Re: accessing base members

Luke <>
3 Aug 2006 17:47:08 -0400
In article <>,
 "Thomas" <> wrote:

You could say that a class always is declared as a friend of itself.

Isn't friendship a type relation, and not an object relation? This
implies that every instance is in fact of a different type, or, that
there are two kinds of friendship: type-friendship and

And friendship is not inherited in C++, not in the real world ether :)
. That's why your code above doesn't compile. The reason for this
"compiler generated friend class of itself", I guess, is that if the
copy constructor (or asignment operator) should do its job, then it
have to have access to the data of the object it will copy from. If it
didn't, you had to make access functions to all data if you wanted a
copy constructor, and what should the compiler generated copy
constructor do? So for me, to have every class to be friend of itself,
is logical.

But why is not friendship inherited? if so what would be the point of
having protected members? Protected members should only be accessed by
objects of the derived class or objects of the class declaring the
member. If every class was friend with inherited classes then the
private member would act protected to the derived class but private to
the outside world. You would never have real private members.

I agree that this would destroy encapsulation.
But inheriting friendship is not needed for this.
- The compiler knows we are in the context of a member function.
- The compiler knows we're accessing an object as a base type.
- It already works this way for privates and statics.

It does work with static members however:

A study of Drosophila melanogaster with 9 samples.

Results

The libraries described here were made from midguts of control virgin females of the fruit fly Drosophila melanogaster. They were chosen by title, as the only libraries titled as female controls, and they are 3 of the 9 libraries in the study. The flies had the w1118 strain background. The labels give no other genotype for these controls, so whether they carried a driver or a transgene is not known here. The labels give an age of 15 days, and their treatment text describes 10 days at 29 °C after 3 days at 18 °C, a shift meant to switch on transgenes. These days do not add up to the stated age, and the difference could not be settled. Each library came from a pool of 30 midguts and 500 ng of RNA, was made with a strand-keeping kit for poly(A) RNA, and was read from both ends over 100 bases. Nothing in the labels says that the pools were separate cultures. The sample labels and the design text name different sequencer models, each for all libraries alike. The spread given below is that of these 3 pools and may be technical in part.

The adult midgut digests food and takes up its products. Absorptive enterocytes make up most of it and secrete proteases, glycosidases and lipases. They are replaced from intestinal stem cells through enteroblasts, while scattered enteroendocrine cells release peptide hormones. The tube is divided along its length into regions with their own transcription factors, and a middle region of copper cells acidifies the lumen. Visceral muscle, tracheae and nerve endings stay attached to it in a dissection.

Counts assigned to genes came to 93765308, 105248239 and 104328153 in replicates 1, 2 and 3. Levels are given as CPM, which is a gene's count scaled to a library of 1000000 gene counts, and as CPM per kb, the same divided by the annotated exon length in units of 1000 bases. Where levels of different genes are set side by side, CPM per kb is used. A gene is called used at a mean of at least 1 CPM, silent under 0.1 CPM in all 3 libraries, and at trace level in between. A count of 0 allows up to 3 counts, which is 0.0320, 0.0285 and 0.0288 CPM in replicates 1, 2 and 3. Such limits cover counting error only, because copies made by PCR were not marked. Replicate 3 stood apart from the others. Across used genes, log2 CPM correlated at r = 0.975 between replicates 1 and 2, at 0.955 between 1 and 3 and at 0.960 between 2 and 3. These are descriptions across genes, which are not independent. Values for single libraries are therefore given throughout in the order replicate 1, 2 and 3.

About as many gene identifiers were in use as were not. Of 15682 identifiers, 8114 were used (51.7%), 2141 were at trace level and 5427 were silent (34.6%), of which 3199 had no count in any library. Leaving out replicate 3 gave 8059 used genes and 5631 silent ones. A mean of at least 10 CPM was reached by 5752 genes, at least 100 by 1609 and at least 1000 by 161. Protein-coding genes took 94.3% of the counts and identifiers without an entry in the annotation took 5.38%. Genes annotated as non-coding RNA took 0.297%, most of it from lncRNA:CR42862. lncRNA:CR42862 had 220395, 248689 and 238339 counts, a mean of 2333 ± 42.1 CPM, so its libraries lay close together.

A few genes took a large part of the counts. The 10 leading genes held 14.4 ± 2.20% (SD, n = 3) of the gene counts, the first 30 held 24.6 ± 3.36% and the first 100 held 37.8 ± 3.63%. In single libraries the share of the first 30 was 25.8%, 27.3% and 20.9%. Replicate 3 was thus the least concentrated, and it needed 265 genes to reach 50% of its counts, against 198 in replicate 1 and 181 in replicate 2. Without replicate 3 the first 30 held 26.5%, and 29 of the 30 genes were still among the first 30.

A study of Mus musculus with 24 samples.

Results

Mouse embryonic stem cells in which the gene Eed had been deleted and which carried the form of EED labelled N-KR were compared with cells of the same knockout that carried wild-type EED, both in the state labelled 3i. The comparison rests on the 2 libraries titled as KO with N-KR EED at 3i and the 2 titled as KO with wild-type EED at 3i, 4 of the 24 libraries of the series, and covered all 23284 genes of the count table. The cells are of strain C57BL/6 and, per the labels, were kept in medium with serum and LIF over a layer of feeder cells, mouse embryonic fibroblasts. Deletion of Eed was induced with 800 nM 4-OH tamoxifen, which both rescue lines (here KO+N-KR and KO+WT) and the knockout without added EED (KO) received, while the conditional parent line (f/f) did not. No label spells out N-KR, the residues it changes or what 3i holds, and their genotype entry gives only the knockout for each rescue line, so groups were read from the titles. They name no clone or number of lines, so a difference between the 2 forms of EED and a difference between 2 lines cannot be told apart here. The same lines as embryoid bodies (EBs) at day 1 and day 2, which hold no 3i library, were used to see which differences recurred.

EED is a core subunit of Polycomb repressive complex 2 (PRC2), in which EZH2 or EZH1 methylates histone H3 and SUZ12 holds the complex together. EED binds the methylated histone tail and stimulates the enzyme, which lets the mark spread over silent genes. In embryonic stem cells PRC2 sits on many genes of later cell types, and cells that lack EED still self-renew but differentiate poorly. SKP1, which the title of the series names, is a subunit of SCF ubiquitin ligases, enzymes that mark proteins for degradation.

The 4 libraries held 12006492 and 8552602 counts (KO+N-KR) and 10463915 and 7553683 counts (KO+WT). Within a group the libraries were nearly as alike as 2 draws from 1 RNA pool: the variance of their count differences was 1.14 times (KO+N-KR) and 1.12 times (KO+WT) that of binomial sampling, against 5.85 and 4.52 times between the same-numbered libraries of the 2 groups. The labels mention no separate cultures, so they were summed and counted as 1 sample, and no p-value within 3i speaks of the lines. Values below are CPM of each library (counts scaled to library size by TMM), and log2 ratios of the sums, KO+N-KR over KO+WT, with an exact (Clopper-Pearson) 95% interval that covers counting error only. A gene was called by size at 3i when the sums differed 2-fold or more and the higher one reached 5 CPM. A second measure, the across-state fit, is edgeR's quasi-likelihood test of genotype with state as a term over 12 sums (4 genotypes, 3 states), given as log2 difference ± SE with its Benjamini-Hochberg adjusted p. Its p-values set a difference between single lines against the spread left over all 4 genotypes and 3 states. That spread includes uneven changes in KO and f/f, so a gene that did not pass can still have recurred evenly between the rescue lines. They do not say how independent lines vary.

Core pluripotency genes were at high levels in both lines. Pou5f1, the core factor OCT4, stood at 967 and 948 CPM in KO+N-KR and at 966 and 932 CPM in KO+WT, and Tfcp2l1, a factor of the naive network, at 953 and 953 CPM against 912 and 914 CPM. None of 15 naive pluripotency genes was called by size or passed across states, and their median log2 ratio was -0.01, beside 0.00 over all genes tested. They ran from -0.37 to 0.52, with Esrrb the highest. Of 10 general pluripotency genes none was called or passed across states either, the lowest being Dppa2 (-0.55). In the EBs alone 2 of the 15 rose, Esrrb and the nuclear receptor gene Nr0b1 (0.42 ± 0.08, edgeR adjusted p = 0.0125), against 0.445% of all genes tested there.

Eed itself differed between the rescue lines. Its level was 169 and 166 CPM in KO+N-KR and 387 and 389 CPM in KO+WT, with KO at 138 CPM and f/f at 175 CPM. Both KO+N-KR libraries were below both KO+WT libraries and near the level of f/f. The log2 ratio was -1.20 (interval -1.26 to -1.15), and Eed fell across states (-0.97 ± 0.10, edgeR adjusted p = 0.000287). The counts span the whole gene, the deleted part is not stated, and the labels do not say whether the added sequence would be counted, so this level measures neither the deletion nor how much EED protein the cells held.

class A {
   int x;
   static void set_x (A& a, int xx) { a.x = xx; }

class B : public A {
   void f (A& a) { set_x (a, 0); } // <-- ok

set_x(..) is protected in A, so B should inherit this function, and
here you call set_x(..) class B. So this should be OK. The logic is of
couars, that if set_x is protected, all derived class can accsess this
functin by calline set_x(..) :)

Why is the same not true for a non-static member function? That is, if
I declare set_x as non-static member in A, I cannot call it on an
instance other then 'this':

  void B::f(A& a) { set_x (a, 0); } // <-- ok
  void B::f(A& a) { a.set_x (0); } // <-- error

I'm trying to think of an example where allowing access on protected
members in a member function via a pointer that is not 'this' causes
havoc (break encapsulation), but I can't think of any.

I know my explanations is not allways perfect, but I hope this helps.


Maybe I should rephrase my question: why is 'this' special?

In the sense that in a member function of a type derived from T, I can
only access protected base members via 'this', but not via any other
pointer T. Is this the same in all OO languages? And is there a deep
reason for it, or is it just 'convenience' for compiler builders.